HPV Vaccine Fails to Get Nod for Routine Use in Boys

October 21, 2009

October 21, 2009 — Despite hearing impassioned pleas to protect both men and women from cancer, a federal advisory panel today declined to recommend that a human papillomavirus (HPV) vaccine be routinely administered to boys to prevent genital warts.

Instead, the Advisory Committee on Immunization Practices (ACIP) issued a "permissive" recommendation stating that physicians have the option of vaccinating boys with the HPV vaccine Gardasil (Merck) for genital-wart protection. ACIP noted that boys should receive the vaccine "before exposure to HPV through sexual contact."

In 2006, the US Food and Drug Administration (FDA) approved Gardasil for use in girls and young women to prevent cervical and other cancers as well as precancers caused by HPV types 16 and 18. Last week, the FDA also approved Gardasil for use in males aged 9 through 26 to prevent genital warts.

In making its recommendation today, ACIP appeared to be swayed in part by published research questioning the cost-effectiveness of routine vaccination of boys with Gardasil. The committee's decision has far-reaching economic effects because third-party payers typically pay for vaccinations that are recommended for routine use, but not those coming with a permissive recommendation.

More at Stake Than Genital Wart Prevention

Proponents of routine vaccination of boys with Gardasil told the committee Wednesday during the public comment period that more was at stake than merely preventing genital warts. They underlined the need to also prevent oral, throat, penile, and anal cancers caused by HPV.

David Hastings, a spokesperson for the Oral Cancer Foundation, said his ability to hear, taste, and produce saliva was impaired after "brutal and barbaric" treatment for oral cancer, which was triggered by an HPV-16 infection. Oral cancer, he said, claimed more lives than cervical cancer, and HPV was the fastest-growing cause of this disease.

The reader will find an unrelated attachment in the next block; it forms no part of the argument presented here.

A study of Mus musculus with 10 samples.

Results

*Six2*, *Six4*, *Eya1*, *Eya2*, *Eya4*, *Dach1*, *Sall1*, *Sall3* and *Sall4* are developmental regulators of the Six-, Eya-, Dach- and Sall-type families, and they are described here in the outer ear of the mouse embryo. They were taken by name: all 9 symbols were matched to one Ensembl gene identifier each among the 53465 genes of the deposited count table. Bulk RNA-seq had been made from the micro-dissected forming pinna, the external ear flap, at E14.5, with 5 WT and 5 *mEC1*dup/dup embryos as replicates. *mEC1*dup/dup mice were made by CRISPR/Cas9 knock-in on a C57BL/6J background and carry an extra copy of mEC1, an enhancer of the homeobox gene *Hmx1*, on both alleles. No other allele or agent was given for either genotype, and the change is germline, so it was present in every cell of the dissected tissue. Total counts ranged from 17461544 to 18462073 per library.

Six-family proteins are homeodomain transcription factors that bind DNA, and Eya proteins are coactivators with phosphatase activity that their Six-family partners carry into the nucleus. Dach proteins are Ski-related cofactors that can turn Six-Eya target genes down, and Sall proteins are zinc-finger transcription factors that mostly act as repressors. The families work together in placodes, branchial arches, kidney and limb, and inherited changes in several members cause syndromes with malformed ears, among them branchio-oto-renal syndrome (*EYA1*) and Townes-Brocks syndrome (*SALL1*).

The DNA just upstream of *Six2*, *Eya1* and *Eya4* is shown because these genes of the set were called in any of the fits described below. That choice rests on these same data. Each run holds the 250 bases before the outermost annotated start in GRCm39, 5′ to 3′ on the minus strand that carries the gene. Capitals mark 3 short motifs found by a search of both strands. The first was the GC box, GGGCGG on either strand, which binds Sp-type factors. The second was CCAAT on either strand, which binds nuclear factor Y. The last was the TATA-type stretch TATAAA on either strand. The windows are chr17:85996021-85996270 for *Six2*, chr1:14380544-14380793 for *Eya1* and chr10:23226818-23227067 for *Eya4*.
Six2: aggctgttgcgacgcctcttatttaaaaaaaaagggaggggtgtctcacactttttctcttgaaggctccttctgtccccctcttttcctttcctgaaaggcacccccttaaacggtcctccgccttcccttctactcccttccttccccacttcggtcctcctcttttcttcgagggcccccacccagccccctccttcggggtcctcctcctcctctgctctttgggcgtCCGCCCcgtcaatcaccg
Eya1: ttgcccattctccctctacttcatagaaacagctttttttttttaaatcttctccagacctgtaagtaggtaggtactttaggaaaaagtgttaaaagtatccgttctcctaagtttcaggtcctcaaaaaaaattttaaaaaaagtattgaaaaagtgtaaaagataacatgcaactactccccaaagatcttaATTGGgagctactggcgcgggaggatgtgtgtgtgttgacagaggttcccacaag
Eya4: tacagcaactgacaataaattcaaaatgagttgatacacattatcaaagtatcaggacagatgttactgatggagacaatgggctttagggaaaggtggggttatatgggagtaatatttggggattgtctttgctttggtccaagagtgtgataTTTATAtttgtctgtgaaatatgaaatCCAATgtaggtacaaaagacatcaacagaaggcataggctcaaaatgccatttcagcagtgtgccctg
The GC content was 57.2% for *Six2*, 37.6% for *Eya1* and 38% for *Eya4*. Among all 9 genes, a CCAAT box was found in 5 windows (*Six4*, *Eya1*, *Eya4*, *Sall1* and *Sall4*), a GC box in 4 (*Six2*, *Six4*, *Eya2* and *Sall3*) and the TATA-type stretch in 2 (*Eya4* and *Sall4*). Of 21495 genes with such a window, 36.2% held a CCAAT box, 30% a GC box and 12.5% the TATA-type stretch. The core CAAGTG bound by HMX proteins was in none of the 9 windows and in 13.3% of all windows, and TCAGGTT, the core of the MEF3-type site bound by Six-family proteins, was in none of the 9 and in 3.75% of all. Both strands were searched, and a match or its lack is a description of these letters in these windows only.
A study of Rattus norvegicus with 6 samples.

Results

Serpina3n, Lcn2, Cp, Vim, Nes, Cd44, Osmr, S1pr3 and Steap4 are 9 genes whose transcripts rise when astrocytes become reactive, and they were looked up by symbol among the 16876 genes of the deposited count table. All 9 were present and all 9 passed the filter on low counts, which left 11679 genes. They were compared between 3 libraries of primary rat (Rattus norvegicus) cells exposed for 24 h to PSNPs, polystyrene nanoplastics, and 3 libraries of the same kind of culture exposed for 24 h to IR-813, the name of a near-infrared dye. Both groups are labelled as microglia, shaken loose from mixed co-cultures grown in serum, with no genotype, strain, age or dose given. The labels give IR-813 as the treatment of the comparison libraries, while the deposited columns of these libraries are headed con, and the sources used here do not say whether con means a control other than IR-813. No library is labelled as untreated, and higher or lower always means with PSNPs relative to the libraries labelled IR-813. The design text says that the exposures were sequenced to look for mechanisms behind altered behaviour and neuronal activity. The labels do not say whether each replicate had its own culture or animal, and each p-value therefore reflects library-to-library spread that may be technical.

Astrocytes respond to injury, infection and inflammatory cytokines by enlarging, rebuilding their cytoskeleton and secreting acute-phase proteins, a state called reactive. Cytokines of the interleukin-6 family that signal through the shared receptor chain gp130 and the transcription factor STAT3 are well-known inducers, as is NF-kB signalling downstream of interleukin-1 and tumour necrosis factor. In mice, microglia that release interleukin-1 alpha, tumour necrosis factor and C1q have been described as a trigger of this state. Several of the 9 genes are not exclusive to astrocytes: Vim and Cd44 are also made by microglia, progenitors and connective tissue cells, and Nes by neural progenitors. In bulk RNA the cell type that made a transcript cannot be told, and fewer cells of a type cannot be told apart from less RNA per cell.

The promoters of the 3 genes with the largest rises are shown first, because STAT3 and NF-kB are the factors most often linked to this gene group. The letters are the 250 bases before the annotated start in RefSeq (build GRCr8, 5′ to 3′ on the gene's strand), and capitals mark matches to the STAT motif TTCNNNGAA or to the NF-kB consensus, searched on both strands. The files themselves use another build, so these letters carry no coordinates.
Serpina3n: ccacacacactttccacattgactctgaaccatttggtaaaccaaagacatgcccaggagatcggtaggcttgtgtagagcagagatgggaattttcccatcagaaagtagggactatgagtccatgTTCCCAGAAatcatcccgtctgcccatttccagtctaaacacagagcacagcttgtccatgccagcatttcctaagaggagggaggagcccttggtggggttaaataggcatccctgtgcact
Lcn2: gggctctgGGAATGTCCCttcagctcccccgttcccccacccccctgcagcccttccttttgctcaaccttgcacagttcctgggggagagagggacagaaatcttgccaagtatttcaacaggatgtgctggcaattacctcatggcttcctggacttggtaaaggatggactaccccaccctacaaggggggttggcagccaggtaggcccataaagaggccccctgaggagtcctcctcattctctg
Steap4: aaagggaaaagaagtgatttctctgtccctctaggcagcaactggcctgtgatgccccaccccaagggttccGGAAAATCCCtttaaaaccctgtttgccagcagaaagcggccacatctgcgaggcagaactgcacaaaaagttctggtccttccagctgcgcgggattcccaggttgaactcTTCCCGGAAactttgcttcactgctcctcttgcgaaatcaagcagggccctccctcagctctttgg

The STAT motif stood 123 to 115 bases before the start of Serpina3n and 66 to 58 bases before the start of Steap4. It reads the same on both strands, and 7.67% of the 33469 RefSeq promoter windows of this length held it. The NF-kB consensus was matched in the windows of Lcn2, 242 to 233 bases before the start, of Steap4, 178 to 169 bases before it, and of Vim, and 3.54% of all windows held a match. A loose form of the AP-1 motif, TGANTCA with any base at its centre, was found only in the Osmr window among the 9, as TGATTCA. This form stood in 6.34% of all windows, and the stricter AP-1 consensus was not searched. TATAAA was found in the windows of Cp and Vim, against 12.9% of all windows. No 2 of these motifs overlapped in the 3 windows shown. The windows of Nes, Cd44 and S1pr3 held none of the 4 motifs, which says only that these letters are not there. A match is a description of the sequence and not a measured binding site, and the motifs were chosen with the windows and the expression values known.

"I urge the committee to give this vaccine its strongest and broadest recommendation so that one day HPV will be eliminated as an etiology of cancer and as a killer of our children, their children, and their children," said Hastings.

Ellen Daley, PhD, an assistant professor of community and family health at the University of South Florida College of Public Health, said a recommendation for the routine use of Gardasil in boys would not only protect them from genital warts and cancer, but also female partners who might contract HPV from men during sex. "Women and girls shouldn't have the full burden of receiving the vaccine, but should share it with males," said Dr. Daley, adding that she hoped her own 16-year-old son would be vaccinated.

Jason Schneider, MD, immediate past president of the Gay and Lesbian Medical Association, told the ACIP that a permissive recommendation for Gardasil would hinder gay youth from receiving the vaccine. "For the [gay, lesbian, bisexual, and transgendered] community, the people most at risk...are the least likely to afford the out-of-pocket costs independent of [insurance] coverage," said Dr. Schneider.

However, Diane Solomon, MD, a researcher at the National Cancer Institute, said she opposed a routine recommendation for Gardasil "because we shouldn't spend money on interventions that aren't cost-effective."

"I urge the committee to keep its eye on the ball, which is the responsible stewardship of public health funds," Dr. Solomon said during the public-comment period. She noted she was speaking for herself, not for the National Cancer Institute.

The ACIP recommendation awaits approval by the US Centers for Disease Control and Prevention.